Working forty hours a week is very hard on a lot of people. That’s why after my first float, I knew my boyfriend, Joel (someone who routinely works 70 hours per week), needed to experience a float too.
Joel loves his job and is one of the few people I know who enjoys working. But after my first float, I knew he would benefit from the experience in more ways than one. As a veteran rugby player and daily runner his body injuries are numerous. When I scheduled my second float, David (owner of Levity) recommended a nighttime session to experience the differences from my morning session. After telling David about our sleeping patterns, he shared the benefits of post-float sleep; I signed Joel and me up for an 8:30pm session.
Dating for almost three years, I’m fairly familiar with Joel’s sleeping patterns. He’s able to fall asleep quickly but only for short periods of time during the night. As Joel is about to fall sleep he experiences random twitches called hypnic jerks. These movements happen as a person begins to fall asleep - interrupting their decent into deeper levels of rest. While no one is sure, scientists think stress, extreme fatigue, and anxiety are the cause. All things a normal and overworked person may experience. This, coupled with Joel’s history of night terrors, makes for a rough night of sleep for the both of us.
“I don’t know if I have ever slept all the way through the night”, he said.
So what could it hurt? After my first session I felt refreshed, focused, and ready to conquer whatever the day had in store for me. My chronic neck pain was relieved and I felt stress-free. Why wouldn’t I want my closest loved one to experience the same thing? So off we went. I talked with Joel right before our floats (just after his 13 hour day). His hopes were to have a better nights sleep and have more energy, as he was feeling mentally and physically drained. Usually he has to drink two cups of coffee and another after lunch to stay awake. He was worried he would feel claustrophobic or would even cry but ultimately assumed he would fall asleep.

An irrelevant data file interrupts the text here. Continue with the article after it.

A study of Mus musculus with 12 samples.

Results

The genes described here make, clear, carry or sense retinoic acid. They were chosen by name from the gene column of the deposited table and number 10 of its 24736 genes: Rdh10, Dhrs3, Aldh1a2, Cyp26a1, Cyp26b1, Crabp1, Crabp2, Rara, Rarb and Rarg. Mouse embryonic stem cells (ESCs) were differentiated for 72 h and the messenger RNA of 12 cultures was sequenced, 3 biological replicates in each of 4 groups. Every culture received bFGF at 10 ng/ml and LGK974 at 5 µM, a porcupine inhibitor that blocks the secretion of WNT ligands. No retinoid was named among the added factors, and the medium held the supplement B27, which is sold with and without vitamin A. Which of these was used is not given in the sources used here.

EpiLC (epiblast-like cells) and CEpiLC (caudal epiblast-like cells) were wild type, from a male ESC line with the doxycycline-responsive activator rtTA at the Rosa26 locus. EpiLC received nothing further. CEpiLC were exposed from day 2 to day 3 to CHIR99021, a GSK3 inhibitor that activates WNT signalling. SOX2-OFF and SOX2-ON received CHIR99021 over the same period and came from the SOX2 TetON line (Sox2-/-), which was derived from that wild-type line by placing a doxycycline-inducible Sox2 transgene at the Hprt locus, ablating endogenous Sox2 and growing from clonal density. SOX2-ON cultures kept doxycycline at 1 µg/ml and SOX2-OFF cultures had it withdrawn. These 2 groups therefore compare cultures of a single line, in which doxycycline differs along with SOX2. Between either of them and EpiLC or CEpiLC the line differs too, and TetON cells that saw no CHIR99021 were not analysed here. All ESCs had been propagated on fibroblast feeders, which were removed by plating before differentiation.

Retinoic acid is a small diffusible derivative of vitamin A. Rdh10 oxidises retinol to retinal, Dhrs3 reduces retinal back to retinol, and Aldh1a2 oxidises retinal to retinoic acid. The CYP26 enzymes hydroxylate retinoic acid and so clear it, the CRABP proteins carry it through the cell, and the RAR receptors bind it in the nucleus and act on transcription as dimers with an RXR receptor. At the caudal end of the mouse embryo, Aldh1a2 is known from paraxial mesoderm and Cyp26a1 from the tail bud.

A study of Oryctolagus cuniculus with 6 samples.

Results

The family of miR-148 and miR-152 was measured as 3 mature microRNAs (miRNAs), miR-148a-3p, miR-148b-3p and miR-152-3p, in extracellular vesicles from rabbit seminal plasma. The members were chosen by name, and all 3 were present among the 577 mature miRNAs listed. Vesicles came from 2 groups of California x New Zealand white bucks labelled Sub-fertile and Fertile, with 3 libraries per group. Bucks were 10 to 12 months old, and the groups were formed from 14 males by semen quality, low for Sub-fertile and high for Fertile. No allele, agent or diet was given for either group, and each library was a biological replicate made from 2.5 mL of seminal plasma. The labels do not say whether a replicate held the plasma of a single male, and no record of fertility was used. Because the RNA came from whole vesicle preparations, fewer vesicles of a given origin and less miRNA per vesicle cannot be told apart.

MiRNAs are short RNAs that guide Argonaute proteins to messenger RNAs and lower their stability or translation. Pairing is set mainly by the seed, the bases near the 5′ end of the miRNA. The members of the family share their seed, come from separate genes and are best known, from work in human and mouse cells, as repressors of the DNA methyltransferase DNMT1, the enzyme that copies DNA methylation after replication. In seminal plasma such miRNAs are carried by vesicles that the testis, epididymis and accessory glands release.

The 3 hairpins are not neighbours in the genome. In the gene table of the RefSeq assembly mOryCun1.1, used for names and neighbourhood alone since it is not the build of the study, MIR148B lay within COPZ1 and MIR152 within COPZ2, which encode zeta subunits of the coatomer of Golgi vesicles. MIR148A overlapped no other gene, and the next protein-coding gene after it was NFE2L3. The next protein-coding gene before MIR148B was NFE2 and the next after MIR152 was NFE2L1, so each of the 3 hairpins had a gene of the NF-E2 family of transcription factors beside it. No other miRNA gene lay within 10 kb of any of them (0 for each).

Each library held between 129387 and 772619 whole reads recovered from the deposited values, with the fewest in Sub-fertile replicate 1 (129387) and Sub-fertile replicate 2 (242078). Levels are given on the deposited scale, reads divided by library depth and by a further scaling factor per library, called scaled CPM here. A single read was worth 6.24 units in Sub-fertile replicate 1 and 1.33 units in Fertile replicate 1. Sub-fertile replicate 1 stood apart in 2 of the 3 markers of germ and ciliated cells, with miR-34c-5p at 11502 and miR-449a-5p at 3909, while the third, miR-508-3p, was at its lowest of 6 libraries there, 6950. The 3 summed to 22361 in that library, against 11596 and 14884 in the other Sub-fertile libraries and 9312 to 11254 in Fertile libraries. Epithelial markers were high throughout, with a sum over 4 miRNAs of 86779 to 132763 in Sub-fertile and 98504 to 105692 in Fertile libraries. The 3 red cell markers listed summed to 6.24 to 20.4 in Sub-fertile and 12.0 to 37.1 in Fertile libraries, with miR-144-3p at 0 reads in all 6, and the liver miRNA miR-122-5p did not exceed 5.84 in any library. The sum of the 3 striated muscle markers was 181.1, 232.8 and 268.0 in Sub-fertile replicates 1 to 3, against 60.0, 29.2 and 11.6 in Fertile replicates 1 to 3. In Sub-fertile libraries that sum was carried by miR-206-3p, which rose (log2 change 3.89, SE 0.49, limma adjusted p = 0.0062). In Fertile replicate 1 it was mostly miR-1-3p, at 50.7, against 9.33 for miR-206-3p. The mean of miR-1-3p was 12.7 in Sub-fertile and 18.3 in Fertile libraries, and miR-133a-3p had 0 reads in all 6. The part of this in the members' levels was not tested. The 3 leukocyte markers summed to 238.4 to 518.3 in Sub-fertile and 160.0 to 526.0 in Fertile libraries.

Fast forward after our float and Joel was more awake than before. He was right; he did fall asleep “about half way through” and didn’t wake until the end of the session. David said that some people fall asleep while floating due to the first time experiencing complete darkness and silence. Joel told us that he almost got out in the first five minutes due to discomfort, but soon became relaxed.
My neck pain was relieved in my first session and the second time felt even better as my body acclimated to the sensation of floating much quicker than before. With finally being relieved of the constant weight and strain of gravity Joel told me, “I never knew how bad I injured my neck [in rugby] until now”. Joel did say he was sore after because of this being the first time that injury has been addressed, though he is curious to see how repeated floats begin to help this injury further.
For me, the benefits were much different in the nighttime session than in my morning session. I was still more energized, but was able to fall asleep much faster. On a normal day it usually takes about an hour for me to fall asleep with many wake ups throughout the night (maybe due to Joel’s aforementioned problems). This time, I fell asleep almost immediately and slept throughout the night. Joel also slept much better throughout the entire night.
For the people who work seventy hours a week, it may not be a permanent fix to your stress, anxiety, or fatigue – but I can say it definitely helps in the short term. For at least sixty minutes you can clear your mind, rid yourself of the outside world that continuously floods your day. However for even longer the benefits will be prevalent. Just like each float experience varies from person to person, the benefits also vary from person to person. I’m excited to see how floating at Levity continues to benefit the both of us as well as others.